Last week I ended a six-week web advertising campaign for RightLife RuleBook. It’s been a demanding process. But it doesn’t have to be.
The creation process of RightLife RuleBook [RLRB] on the other hand has been very rewarding. Building a digital coaching program delivered directly to anyone who wants it, is a great way to holistically gather my experience in business, coaching, yoga and mindfulness and convey it to clients with one click. AND I’ve learned so many new skills!
As with RightLife RuleBook, my purpose is and will always be to help individuals and businesses grow into their highest expression, and that means me too. [Read more posts about this here.]
It was time to take the next leap, begin a new experiment, and try a new tactic: a web-based advertising roll-out for RLRB.
But last week was rough. I hired someone highly recommended. I did the proper vetting, explained my newbie role in this venture and asked to be clearly directed about what was needed from me.
I know enough to know I didn’t know much about this. But I also know that when the right partners and people come together with the same goal, it can be a beautiful thing. Understanding where the knowledge gaps are is critical.
Yes and yes. I needed this gap filled, so I willingly moved to expand the progress of RLRB sales and more importantly, to expand my overall business. [Cause I got some Airstream dreams I’m workin’ on, too!]
For me, growth and learning will always be a component of any brandy-new risk. This post isn’t about slamming anyone; it’s about what worked for me and what didn’t, and the wisdom I gained from knowing when to stop investing.
So what went wrong? I knew we needed to end our business together. But I wanted the learning I hadn’t yet received. (One of my top values is Love of Learning.) Here’s what I gleaned from my latest month-long experiment:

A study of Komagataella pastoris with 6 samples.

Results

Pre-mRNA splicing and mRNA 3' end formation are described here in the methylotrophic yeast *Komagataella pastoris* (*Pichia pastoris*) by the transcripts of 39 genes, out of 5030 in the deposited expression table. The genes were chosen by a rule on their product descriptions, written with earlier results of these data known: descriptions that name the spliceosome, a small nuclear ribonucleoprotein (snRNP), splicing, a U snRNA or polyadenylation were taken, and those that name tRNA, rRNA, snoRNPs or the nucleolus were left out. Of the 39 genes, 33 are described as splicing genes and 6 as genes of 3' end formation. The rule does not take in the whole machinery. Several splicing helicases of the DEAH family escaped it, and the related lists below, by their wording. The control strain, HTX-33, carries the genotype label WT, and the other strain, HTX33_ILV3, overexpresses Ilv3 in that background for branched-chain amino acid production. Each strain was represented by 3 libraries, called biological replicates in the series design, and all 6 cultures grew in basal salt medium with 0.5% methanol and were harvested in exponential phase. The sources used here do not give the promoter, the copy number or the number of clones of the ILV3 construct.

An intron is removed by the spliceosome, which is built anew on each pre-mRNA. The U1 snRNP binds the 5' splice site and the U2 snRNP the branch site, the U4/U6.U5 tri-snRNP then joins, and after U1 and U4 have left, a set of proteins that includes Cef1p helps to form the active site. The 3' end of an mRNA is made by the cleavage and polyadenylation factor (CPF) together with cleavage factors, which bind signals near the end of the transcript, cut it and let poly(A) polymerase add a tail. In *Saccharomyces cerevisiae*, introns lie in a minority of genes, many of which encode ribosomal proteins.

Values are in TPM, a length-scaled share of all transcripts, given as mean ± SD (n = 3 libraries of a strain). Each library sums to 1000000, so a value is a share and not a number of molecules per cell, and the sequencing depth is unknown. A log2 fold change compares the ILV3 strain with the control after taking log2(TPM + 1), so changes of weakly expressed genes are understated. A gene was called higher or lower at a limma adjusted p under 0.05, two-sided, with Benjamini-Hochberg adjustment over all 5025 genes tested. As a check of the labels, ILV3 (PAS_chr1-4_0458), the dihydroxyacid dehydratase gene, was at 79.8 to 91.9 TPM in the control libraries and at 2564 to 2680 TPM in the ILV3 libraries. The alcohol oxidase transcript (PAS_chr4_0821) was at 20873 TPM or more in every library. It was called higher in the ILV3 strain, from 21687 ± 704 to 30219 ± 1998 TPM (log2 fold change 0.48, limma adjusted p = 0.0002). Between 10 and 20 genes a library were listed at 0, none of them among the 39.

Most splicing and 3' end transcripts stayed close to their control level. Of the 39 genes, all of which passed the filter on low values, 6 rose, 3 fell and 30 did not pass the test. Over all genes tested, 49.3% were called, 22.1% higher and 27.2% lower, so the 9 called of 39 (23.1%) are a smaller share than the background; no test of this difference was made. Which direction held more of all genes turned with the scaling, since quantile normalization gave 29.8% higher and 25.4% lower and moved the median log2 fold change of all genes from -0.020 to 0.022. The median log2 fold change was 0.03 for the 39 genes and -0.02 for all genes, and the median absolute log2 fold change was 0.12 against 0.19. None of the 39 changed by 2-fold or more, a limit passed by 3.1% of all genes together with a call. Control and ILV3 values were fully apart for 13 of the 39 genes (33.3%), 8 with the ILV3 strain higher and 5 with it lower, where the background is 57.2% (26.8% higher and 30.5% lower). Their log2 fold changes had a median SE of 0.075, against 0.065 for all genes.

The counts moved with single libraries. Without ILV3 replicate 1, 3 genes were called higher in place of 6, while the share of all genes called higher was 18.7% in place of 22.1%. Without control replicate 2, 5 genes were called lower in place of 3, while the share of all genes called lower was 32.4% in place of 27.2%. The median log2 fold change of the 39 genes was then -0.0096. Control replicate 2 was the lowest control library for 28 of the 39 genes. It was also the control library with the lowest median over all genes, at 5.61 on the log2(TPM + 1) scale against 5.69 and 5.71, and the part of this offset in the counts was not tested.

- I needed to acknowledge and value my own capabilities. The money coming in for RLRB is from separate marketing and sales that I am conducting. No money was made through this investment.
- I was willing to remain open and persevere in the face of some major fear, while still protecting my work product. Realistically, it felt more like I was in a poorly executed fencing match. I was in the dark most of the time. And, oh boy, I reeeally hate that!
- I was also willing to adhere to “expert” advice and wait out the results. This is part of being a good experimenter, I think.
- I learned I could approach this with “don’t-know mind” and feel like a 15-year-old at my first job. But I didn’t feel 100% ME, and that’s going to change.
- Clearly stating my position, and explaining what I need was important. One of my most favorite poems by Rumi says, “You must ask for what you want, don’t go back to sleep.” I like that I can do that and let the chips fall where they may. This takes lots of mindfulness around standing silently in Mountain Pose, then being able to observe words and action. There’s always the possibility that it just doesn’t work out, and that’s ok.
- I realized taking responsibility for mistakes is important for so many reasons. She would take no responsibility – none. She interrupted me so often; I began to tally how many times. It was nine. There would be no reciprocated thoughts, words or actions to observe.
- Doing what other people tell me to do is reeeally hard for me. So being the CEO of LG Coaching is key. I get to call the shots. I need to remember that!
And most importantly, choosing people over project is something I learned a LONG time ago, and yet I put that learning aside. Now I will be more aware of that in my next decision-making process.
I work with companies every day on taking risks and making mistakes, taking responsibility and learning, and continuing to show up fully for their customers and employees. This adjustment takes time.
But ultimately, the process brought me into a new level of mastery around my own business.
Live and learn. Fail fast. Fly forward.